Moiré disaster on the E-5

Started Jul 10, 2013 | Discussions thread
olyflyer
In reply to Barry Stewart, Jul 12, 2013

Barry Stewart wrote:

olyflyer wrote:

...One way to avoid this is to explain customers how to dress (more like how NOT to dress) for a shooting. I know that is not always possible, but never the less, it is worth to advice them and also explain why. Ordinary people don't really think a lot about colour combinations and fabric issues which can be a problem with any camera, not just the E-5.

That's a huge topic on its own, Oly and many people — including myself — don't know a twill from a double-knit...

...I belong to the same group as well, but I did not really mean the sewing and knitting part, more like some of the obvious ones, the ones almost anyone immediately can see when you meet a person face to face. Photographers are supposed to have a sensible eye for esthetics and composition, contrast and good looks.

Some example:

Many women use makeup on their faces and when they are in front of the camera you can see the starting line. That does not look good on a photo. If they stand in front of you with a deep decolletage that may be even more obvious, and even worse, causing reflection on their chest.

Men don't wear makeup (at least most don't) which is a drawback during photography and filming because they often have more reflection from their faces caused by studio light or other strong lights than women. Ask them to ask somebody to put makeup on their faces before a shooting, check when they arrive and correct if necessary.

Explain your customers how ugly a strong suntan and white dress/suit looks like in an image. This tasteless ugliness is reinforced if they also have very glossy lipstick on their lips. Strong suntan can be made less strong by the right makeup as well, so if somebody has it you could ask them to lighten it up with makeup.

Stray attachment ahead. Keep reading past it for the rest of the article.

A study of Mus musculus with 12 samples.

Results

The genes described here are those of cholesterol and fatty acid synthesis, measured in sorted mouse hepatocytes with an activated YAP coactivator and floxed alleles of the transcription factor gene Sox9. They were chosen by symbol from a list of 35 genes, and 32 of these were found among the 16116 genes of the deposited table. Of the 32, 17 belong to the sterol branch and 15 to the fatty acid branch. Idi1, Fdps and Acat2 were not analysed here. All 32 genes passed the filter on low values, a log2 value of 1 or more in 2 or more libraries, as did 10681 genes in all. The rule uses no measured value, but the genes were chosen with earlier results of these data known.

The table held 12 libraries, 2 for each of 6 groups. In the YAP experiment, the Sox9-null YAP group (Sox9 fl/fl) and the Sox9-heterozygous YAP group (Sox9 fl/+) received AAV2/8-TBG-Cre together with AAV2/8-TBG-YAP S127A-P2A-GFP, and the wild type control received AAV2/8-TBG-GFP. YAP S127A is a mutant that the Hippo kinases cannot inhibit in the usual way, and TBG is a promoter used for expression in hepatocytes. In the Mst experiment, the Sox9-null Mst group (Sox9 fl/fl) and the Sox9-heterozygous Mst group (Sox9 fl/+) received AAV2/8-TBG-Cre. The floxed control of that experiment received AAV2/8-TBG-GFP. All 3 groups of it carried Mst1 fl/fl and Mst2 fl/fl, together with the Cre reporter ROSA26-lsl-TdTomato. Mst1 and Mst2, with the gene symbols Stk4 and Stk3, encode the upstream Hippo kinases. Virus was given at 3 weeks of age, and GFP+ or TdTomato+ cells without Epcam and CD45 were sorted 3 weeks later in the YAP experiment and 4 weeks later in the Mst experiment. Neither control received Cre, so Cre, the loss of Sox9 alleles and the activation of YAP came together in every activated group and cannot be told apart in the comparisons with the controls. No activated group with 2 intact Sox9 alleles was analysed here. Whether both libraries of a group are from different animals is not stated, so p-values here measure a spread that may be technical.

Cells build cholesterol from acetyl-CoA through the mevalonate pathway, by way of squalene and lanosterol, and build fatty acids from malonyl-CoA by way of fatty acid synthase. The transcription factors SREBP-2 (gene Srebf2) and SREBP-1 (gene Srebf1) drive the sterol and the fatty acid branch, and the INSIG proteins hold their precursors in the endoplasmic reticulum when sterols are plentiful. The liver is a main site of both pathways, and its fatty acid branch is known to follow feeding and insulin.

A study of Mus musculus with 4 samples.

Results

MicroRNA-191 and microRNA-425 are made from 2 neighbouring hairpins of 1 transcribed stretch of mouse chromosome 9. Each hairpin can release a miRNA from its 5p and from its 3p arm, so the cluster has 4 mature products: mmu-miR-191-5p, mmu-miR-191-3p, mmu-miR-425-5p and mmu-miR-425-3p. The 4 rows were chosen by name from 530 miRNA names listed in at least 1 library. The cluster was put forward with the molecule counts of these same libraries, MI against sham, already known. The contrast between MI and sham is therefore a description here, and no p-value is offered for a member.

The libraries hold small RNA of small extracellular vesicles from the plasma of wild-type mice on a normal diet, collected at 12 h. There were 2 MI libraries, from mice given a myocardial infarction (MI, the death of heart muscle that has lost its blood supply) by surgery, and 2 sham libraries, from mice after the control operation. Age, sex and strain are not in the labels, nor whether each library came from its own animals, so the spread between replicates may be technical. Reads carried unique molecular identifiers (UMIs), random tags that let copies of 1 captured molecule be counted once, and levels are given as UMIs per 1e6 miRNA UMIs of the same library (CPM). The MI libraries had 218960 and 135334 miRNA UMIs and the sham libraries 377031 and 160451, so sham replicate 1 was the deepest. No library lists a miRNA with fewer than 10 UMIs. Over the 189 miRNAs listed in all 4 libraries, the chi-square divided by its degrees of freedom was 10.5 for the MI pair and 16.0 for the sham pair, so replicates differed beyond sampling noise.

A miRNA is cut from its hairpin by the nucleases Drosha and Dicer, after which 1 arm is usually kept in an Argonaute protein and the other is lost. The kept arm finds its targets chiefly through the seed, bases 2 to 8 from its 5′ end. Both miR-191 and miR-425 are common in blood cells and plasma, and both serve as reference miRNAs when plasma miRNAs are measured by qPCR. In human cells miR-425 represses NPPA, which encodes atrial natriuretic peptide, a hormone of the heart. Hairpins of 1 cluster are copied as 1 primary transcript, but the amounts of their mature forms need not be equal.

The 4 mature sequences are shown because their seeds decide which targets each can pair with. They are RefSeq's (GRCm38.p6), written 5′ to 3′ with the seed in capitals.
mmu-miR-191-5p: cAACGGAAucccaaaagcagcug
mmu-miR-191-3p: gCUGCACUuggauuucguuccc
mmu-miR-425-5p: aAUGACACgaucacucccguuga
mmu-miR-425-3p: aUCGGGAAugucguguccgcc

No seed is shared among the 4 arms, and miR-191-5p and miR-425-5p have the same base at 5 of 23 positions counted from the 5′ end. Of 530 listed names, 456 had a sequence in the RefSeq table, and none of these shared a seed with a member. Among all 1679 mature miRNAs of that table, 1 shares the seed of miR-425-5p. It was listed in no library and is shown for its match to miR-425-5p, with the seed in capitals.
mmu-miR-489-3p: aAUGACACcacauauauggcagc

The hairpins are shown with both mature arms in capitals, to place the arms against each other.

Full body white (or black) dress/suit should be avoided. I know that is not possible to do in every situation due to traditions and fashion but white (or black) are difficult colors and most people don't look good dressed completely white or black.

Fabric with strong reflective surface or fabric should also be avoided unless that is exactly the goal or want to express some kind of special mood, taste or personality.

Fabric with fine pattern can cause color shifting or strange pattern. This is not new and is not really digital related.

Some fabrics break down the light into several color, like a prism. Not easy to describe without example images. This can in some cases be avoided with careful lighting but if possible, fabrics like that should not be used in a studio.

...and so on.

Like you say, this is a topic of it's own and is not really Oly related. If there isn't a book already about these things somebody should start writing one.

nor which weave patterns are more likely to cause photo problems.

Not easy, but if you experiment you can see that. Also most of the fabric related issues can be avoided if you are careful with light and chimp, as well as take a few test shots just to make sure.

How would we tell a customer, over the phone, what to wear or what to bring to the shoot?

Over the phone is not easy. One way is to have a web page with information and also sample images, a guide about the "How to look best on photographs". That page can also be printed and given to customers in advance. A third is to ask them to come and visit you before. What is important is to explain that it is not you who can't take images and that it is not your gear which is wrong but some things are similar because they are connected to scientific facts or esthetic "rules" of compositions, color combinations and so on. It is important not to make the customer fell stupid and also emphasize that it is not your professional knowledge what's lacking, quite the opposite, it is because you are real PROFESSIONAL that you give those advices.

Anyway, as a matter of fact I don't understand people who order a shooting over the phone, without having seen you or your work in advance. After all, for many of them it is a once in a lifetime event, so why hurry and stress to get over it as fast as possible and why not wanting to look best?

I know that all this is not simple, but I also feel that the responsibility of the photographer to make the best out of an event is also often ignored.